My topic will be something along these lines - "The Global Regulatory Landscape: Developments for OTC Commodity Derivatives".
I'll be speaking on recent developments in the U.S., and then I will move on to talk about Europe. Finally I'll wrap up by discussing a few countries in the Asia-Pacific region.
I will probably have just one hour to cover all that. So the talk is going to be quite "big picture" and "high-level".
I used to do a lot of legal work relating specifically to commodities - oil, gold, sugar, steel and coal, for instance - but I haven't done much of it in the past year. However, I have been doing plenty of work relating to the G20 commitments made in September 2009.
The G20 commitments aim to revamp the derivatives industry worldwide. To a greater or lesser extent, they will affect all classes of derivatives, including commodity derivatives. And for the purposes of my April conference, the commodities angle is what I'll be focusing on.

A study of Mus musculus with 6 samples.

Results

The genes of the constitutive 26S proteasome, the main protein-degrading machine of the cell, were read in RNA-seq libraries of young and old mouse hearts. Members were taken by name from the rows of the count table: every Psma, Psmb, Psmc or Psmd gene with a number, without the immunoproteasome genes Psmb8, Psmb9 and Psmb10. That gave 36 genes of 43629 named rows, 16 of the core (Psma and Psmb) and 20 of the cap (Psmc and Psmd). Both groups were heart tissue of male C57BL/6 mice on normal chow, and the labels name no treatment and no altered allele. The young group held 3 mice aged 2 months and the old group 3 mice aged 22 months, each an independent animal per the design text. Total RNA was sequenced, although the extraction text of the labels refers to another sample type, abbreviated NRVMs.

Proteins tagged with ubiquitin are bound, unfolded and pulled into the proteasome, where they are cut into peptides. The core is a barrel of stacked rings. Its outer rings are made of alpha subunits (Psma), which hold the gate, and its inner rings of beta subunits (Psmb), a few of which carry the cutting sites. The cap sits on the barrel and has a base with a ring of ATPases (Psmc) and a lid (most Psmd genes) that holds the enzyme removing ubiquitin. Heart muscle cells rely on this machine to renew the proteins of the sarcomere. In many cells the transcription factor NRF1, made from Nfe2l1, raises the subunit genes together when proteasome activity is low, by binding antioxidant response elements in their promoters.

From a career perspective, many people in the derivatives industry are worried about the G20 commitments. Potentially, the changes might greatly benefit the exchanges (such as SGX). But they will hurt many bank employees currently working in derivatives-related jobs. I predict that many of those jobs will eventually disappear, perhaps by as soon as the end of 2012.
As for myself, well, I too am a bank employee working in a derivatives-related job. So I think that I am at some risk too. But for at least the next two years, I should be okay. That's because with a little luck and strategising, I've managed to position myself as an expert on the legal issues arising out of the G20 commitments. In other words, I'm still needed to guide and advise my employer - on those very same developments that will eliminate many other people's jobs.
In fact, because the legal developments from the G20 committee are so new and complex, there are still relatively few lawyers who know them well. That's why I even get invited to be a conference speaker on such topics.